Bruce in the Packet

102. The Book Swap

Saturday afternoon, I met Steve midway between his home and mine. We had a successful book swap and it was glorious spending a few minutes with a friend in three dimensions. It was something we have not been able to do since lockdown began. We shared a stone bench sitting six feet apart, maybe five and a half. This was in a little park at the south end of the Smart Bridge. The Smart Bridge is a pedestrian bridge across the Great Western Railroad. It connects the Capital Quarter offices and student housing on the south side with the University of South Wales and the rest of City Centre on the north, the side I was coming from. Steve walked the greater distance, respecting the arthritis in my feet.

We had earlier swapped via the internet photographs of the books we wanted to dispose of to make room on our shelves. These were books we planned to donate to Troutmart Books once they reopened, hopefully for credit. From my books he selected Tales of Natural and Unnatural Catastrophes by Patricia Highsmith and Neil Gaiman’s Norse Mythology. I included a third book, Christopher McDougall’s Running with Sherman, but that one he has to return.

I took into possession four books. The first was Michael Palin’s Travelling to Work: Diaries 1988-98. I was with Steve when he bought the book. We had accompanied our mutual friend Sara on a shopping jaunt to the thrift shops of Penarth. I thought I was the first to discover the book in the British Red Cross Shop, yet Steve remembers that he saw it first, only he put it back because maybe he already had it. When I discovered it and extracted it from the shelf, he panicked. I, too, returned it to the shelf to give it more thought. It was a fat book and therefore a commitment. Relieved, Steve retrieved it and was happy – until he reached home and discovered he did indeed already have it. So now it was mine at no cost.

The second book I acquired from our swap was a never used calendar issued by The Folio Society and, thus, was heavily illustrated. It was three years old. I have since taken it apart, cutting the stitching and removing the signatures. I was able to rescue the majority of the leaves. A few were caked with too much glue from the spine. The leaves were of a small size and from them I made small decorative envelopes to carry letters to my many snailors (friends with whom I correspond via snail mail).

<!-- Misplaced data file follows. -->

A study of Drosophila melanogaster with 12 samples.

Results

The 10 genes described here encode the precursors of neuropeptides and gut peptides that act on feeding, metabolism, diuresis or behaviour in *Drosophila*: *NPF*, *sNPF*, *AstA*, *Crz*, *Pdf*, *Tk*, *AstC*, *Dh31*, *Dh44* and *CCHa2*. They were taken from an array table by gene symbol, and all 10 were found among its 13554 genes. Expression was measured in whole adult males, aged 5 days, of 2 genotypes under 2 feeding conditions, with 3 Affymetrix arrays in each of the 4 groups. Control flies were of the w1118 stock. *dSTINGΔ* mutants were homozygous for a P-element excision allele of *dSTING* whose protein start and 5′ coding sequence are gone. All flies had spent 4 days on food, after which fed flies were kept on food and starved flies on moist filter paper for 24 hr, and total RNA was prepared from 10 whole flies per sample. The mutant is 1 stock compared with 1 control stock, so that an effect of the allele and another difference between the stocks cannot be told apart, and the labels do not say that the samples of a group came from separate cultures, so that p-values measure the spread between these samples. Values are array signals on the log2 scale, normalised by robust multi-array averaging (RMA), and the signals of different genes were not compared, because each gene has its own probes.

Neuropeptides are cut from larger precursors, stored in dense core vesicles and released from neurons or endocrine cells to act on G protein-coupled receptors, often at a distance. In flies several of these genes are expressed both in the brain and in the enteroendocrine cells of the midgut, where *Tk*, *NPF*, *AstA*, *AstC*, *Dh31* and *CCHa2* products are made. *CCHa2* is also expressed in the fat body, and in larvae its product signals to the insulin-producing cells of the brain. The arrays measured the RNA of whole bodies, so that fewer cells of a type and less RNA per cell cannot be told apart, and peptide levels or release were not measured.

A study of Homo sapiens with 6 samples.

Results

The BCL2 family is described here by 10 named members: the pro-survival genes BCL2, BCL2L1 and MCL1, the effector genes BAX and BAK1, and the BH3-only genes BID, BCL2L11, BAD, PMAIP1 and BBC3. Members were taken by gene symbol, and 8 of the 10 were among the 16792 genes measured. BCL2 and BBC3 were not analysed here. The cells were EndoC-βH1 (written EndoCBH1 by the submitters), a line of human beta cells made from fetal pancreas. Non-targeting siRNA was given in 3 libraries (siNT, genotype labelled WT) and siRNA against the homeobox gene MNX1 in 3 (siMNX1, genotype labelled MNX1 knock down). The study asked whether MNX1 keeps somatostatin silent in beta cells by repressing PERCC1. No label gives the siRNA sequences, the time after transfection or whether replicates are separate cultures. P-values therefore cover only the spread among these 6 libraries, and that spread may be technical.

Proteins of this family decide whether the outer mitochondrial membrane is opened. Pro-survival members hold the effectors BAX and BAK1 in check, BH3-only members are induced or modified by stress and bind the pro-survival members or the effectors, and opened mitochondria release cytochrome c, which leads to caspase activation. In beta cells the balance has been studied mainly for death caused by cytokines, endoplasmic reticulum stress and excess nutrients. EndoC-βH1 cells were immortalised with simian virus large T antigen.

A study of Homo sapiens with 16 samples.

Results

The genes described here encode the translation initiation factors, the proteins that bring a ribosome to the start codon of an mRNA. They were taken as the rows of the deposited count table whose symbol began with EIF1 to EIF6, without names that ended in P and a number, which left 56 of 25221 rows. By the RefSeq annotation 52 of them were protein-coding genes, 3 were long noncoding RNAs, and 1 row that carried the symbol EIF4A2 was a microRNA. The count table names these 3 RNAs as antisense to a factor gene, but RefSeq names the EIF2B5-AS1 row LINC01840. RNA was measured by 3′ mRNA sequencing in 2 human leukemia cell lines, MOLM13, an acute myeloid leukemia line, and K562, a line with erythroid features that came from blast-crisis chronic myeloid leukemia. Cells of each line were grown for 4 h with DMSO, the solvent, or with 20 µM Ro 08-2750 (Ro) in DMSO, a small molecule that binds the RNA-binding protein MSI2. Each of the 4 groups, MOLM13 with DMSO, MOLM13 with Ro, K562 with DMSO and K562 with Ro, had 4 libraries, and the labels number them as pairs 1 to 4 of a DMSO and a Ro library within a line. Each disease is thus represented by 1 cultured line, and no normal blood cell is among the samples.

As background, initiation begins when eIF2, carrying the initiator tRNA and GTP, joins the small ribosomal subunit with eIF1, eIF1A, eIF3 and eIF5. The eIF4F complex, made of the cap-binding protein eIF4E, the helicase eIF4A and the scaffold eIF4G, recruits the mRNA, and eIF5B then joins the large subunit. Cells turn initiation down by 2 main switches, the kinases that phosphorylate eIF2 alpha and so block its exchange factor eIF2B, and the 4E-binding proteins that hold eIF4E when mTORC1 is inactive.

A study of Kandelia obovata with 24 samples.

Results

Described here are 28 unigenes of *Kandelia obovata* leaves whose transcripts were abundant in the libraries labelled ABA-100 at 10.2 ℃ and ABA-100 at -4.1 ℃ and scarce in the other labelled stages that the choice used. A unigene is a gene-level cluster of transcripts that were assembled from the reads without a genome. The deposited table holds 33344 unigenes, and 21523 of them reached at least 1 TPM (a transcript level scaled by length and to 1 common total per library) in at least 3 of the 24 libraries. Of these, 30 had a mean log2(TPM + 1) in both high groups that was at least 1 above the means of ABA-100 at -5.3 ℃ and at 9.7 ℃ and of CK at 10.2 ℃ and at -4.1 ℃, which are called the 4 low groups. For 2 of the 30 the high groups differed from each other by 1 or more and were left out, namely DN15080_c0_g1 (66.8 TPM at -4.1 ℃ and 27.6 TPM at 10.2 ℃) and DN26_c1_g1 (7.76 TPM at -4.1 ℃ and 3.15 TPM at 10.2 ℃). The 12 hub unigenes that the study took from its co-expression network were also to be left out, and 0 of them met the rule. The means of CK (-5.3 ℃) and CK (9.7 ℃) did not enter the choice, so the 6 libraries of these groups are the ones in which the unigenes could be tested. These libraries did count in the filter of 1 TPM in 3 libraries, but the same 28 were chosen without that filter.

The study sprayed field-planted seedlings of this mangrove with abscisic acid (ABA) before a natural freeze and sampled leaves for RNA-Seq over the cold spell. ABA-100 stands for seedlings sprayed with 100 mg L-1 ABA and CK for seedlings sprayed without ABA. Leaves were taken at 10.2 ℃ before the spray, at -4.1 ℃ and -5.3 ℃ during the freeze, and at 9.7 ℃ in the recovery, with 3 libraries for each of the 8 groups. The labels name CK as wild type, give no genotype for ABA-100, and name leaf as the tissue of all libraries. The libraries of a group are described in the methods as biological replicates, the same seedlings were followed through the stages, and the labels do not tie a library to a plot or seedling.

The third book was a thin paperback, The Guardian Book of English Language.

The fourth book he was returning. It was a copy of The Circus of Doctor Lao by Charles G. Finney, with illustrations by Gordon Noel Fish. This version I later inscribed and sent to another friend as a gift. I own still another version, a paperback with the original illustrator, Boris Artzybasheff. I bought it to be able to loan it to friends. At this time it sojourns with a brother-in-law. Two other copies I had ordered on Amazon US and had them shipped directly to friends in Washington State and Massachusetts. A final copy, my copy that I will not part with, was published by the Limited Editions Club and is illustrated by Claire Van Vliet. Somewhere in the world, perhaps in my daughter’s house, is a lost sketchbook which contains my own illustrations for The Circus of Doctor Lao, the scene where Apollonius of Tyana tells his client her true fortune. This 1935 fantasy novel had a significant influence on me and I feel it has been underappreciated and overlooked.

Among the books, Steve was also allowing me to borrow five DVDs, a collection of ten films by the Japanese director Yasujirō Ozu.

We sat together longer than was necessary to complete the swap, discussing books and movies and rude people we had observed not keeping to the relaxed instructions for the lockdown. We both had face masks, but weren’t wearing them. He was drinking coffee. I brought a mask for later, when I would be grocery shopping in a small corner Sainsbury’s. If nothing else, it was the threat of rain that concluded our meeting.

Having the books and movies secured inside my rucksack, I was off to my favorite Sainsbury’s as the sky began spitting. First food for thought, then food for digestion. Metaphorically speaking, we digest books and then ruminate on what we have read. I found myself pondering this metaphor, metabolism versus mentation. Food is the transfer of energy for consumption and depletes the energy from its source. Books are the transfer of ideas for contemplation and do not deplete its source. Books are an infinite battery for ideas and inspiration, and that night I was satiated.

Mr Bentzman will continue to report here regularly about the events and concerns of his life. If you've any comments or suggestions,
he would be pleased to hear from you. 

You can find his several books at Enshrined Inside Me, his second collection of essays, is now available to purchase.